Mar 31, 2017 10:54 AM EDT
Tiger Triplets Debut at Taronga Zoo
A new population of rare tigers - including cubs - were spotted in eastern Thailand.
(Photo : Mark Kolbe/Getty Images)

A newly discovered population of rare Indochinese tigers offer a glimmer of hope for the survival of the critically endangered species.

According to a report from BBC News, camera traps caught footage of a small population of the sub-species in a national park in eastern Thailand. At least six cubs were included, meaning the group is successfully breeding.

Wild cat conservation group Panthera and counter-trafficking organization Freeland conducted the survey that found the new population.

After poaching and loss of habitat obliterated the Indochinese tigers' population to less than 250 individuals, scientists only know of one other small breeding population before this discovery. This second population is a significant milestone in the sub-species' survival and conservationists credit the country's improved anti-poaching efforts for the achievement.

"The stepping up of anti-poaching patrols and law enforcement efforts in this area have played a pivotal role in conserving the tiger population by ensuring a safe environment for them to breed," Songtam Suksawang, director of Thailand's national parks, explained. "However, we must remain vigilant and continue these efforts, because well-armed poachers still pose a major threat."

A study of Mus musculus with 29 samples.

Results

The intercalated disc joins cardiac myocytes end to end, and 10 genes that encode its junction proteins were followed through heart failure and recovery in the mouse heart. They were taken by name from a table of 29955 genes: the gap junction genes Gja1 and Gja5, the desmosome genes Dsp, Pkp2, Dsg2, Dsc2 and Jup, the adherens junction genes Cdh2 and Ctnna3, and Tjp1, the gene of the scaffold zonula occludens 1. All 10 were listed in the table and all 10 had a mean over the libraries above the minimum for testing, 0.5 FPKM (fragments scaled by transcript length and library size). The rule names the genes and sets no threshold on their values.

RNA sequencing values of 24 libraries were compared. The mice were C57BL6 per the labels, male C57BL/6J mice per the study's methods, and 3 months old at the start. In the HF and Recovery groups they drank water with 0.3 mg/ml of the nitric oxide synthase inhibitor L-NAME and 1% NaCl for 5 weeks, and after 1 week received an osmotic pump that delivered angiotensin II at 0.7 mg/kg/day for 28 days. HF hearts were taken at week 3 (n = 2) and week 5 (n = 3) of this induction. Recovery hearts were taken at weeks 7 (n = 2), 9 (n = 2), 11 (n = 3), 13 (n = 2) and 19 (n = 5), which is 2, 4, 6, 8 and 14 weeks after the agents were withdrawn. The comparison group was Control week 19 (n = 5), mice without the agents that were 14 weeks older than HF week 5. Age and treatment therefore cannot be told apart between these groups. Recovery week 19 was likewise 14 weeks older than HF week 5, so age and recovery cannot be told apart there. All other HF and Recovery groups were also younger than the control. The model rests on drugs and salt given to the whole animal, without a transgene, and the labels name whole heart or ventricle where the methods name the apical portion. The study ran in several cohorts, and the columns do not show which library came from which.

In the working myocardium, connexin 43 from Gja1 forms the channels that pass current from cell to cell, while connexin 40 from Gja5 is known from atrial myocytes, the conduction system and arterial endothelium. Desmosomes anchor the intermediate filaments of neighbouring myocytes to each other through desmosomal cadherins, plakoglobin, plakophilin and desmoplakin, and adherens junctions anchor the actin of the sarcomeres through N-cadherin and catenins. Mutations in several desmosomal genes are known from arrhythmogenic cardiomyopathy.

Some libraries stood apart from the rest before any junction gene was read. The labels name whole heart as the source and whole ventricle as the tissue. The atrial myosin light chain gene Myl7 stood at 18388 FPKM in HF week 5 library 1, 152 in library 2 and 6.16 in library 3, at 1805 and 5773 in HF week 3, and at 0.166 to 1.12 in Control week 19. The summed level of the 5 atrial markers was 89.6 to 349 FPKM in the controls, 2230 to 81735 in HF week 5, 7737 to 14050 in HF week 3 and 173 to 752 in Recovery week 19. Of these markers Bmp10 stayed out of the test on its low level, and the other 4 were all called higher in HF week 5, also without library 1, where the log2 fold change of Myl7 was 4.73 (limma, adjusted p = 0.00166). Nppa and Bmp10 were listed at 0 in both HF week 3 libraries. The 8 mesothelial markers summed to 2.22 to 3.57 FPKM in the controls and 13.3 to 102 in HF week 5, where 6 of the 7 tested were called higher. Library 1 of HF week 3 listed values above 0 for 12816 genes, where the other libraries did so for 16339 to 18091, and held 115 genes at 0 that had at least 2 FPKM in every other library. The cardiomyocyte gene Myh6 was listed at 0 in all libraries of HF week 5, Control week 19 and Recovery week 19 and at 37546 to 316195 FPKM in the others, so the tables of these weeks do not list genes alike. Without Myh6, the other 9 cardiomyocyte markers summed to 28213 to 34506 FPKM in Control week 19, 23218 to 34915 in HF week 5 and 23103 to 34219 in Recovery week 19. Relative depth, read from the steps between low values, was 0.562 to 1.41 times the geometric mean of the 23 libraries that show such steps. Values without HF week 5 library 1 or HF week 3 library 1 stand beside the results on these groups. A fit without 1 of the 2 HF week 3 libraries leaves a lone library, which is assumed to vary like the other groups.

Tigers are struggling for a foothold in the wild with a depleted current population of 3,900. A century ago, there were about 100,000 individuals roaming in the wild.

Jonathan Head, BBC's Southeast Asia correspondent, reported that Indochinese tigers are vulnerable as lost forests reduced their population to just a handful in their former habitats in Laos, Myanmar and Vietnam. They're now believed to be extinct in Cambodia, while Thailand's well-run national parks emerge as the last stronghold of the beautiful creature.

"Thailand has shown that you can protect tigers and bring them back," Alan Rabinowitz, the chief executive officer of Panthera, told The Guardian. "They can do this now in the eastern forest complex as they have done in the western forest complex."